Back in the late ’80s, and even up to the mid-late ’90s, MTV was at the top of the totem poll when it came to exporting contemporary music. Long before idiots flooded the day-to-day programming, the station actually held true to its name. In fact, programs catered to the music! Shows like The Hills would never fly back then, simply because programming followed the general consensus that it was a station for, well, music. As a result, even the likes of Beavis & Butt-head had to include music to an extent. However, unlike any block of time on the schedule today, some shows were just about the music. One such show was MTV Unplugged.
Though the series officially went off the air at the beginning of January of ’07, MTV revived Unplugged, but only for those with internet access. Today, the web-based revival is vamped with additional interviews and photos of the bands and artists, but the set lists don’t exceed more than six songs and it’s unlikely that the performances would ever develop into mega-hit full-length albums like say Nirvana, Tony Bennett, or when Alanis Morissette stripped down in November of ’99 — musically, of course.
By ’98, Morissette had already made a name for herself all over the world. With the untouchable success she received from the little album that could (and did do very well), Jagged Little Pill, and her follow-up, Supposed Former Infatuation Junkie, taking the offer from MTV Unplugged torecord an album — one that would feature her strongest hits and a few rarities only occasionally performed at her live concerts — was a wise move for the Canadian singer.
Recorded at the Brooklyn Academy of Music in ’99, Morissette hadn’t even been on the popular music circuit for five years yet, leaving her with limited choices on what to play from her repertoire. Because Morissette didn’t have any new album releases planned until ’01, she needed to find a way to include the best of her best and not just the radio chart toppers like those primarily from her debut. Who knows where her career would’ve gone if her Unplugged performance featured the same material as her recent acoustic re-issue of Jagged Little Pill?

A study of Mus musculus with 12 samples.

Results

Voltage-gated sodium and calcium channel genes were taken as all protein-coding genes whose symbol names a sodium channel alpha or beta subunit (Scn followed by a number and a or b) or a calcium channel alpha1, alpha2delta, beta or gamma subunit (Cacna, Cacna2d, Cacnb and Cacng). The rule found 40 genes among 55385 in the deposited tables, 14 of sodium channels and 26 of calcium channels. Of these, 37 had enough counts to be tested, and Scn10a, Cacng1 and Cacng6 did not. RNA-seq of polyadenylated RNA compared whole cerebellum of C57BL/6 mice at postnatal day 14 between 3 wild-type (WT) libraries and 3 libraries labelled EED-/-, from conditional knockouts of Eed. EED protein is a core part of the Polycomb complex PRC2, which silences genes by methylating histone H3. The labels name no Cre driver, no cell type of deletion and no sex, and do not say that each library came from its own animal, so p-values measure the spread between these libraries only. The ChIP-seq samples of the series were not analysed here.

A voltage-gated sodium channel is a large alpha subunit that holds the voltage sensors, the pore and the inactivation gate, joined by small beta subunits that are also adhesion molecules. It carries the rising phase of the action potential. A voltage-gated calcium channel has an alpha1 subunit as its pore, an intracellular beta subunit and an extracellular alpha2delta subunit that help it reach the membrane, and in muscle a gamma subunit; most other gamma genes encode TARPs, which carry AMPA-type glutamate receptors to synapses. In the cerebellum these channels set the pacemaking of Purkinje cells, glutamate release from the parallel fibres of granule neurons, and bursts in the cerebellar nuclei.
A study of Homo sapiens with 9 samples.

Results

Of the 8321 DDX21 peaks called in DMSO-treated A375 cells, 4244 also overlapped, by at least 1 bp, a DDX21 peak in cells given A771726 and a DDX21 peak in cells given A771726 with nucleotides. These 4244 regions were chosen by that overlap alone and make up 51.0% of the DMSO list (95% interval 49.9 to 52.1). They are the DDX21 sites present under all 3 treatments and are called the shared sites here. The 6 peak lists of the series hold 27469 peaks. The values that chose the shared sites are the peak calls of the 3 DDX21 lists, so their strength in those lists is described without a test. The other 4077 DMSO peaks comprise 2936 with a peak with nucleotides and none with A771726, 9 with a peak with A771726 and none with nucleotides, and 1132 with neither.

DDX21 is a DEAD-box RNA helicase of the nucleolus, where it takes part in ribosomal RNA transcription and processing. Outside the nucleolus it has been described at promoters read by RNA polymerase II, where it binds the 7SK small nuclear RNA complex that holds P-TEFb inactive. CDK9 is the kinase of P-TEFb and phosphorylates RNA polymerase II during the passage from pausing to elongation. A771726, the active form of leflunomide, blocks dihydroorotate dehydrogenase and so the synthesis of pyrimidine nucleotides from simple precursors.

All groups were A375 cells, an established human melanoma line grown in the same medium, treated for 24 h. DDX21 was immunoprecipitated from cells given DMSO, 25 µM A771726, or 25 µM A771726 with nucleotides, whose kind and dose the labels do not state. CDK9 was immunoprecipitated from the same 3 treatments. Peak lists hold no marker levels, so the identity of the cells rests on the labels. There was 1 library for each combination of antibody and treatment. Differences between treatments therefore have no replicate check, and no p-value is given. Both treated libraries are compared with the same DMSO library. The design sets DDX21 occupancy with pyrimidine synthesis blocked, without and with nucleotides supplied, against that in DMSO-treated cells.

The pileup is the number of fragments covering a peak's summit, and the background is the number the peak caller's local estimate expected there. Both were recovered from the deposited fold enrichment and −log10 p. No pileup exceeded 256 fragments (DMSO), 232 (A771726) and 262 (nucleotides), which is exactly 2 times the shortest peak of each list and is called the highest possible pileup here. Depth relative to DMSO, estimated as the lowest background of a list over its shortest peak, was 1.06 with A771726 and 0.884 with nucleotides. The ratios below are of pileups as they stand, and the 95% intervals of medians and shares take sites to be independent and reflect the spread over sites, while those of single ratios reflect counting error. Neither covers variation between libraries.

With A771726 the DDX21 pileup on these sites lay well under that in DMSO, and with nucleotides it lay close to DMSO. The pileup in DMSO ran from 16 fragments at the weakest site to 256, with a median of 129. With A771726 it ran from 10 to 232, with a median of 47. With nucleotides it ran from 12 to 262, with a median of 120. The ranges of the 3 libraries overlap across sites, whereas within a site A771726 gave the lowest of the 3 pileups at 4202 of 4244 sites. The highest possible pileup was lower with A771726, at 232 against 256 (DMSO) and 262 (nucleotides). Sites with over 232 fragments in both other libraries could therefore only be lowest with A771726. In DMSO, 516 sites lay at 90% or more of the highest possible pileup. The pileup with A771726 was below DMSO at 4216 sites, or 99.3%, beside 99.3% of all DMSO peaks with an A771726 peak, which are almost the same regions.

Comprised of 12 songs, Morissette was accompanied on stage by an orchestra of 12 musicians, so the notion of an authentic unplugged performance where the singer is backed by a solitary instrument was never intended to be lived out for this particular live recording. The stand-out song that happened to be the first single from the album is “That I Would Be Good”, a track originally from Supposed Former Infatuation Junkie. Comparatively, this Unplugged version’s arrangement isn’t really that different from the original. However, it sounds just as fresh as the songs she made vocal revisions for, like say “Ironic” and “You Oughta Know”.
Watching the performance is just as invigorating as listening to it. After Morissette takes the stage, she gets down to business and automatically focuses on the crowd with her large glazed over eyes. She instantly captures the sadness and vulnerability with deep exhalations and a shaky alto. As the song carries on and the music is layered by percussion and piano, Morissette becomes intensely more exasperated and the lengthy notes she stunningly holds out allow her to showcase her notorious fury that all her fans live to see.
It’s important to watch up until the end so you don’t miss the flute coda. Though classical musicians would most likely snarl up at Morissette’s attempt at the flute, the singer’s overtly powerful breathing techniques capture the essence of the song’s “never good enough” message.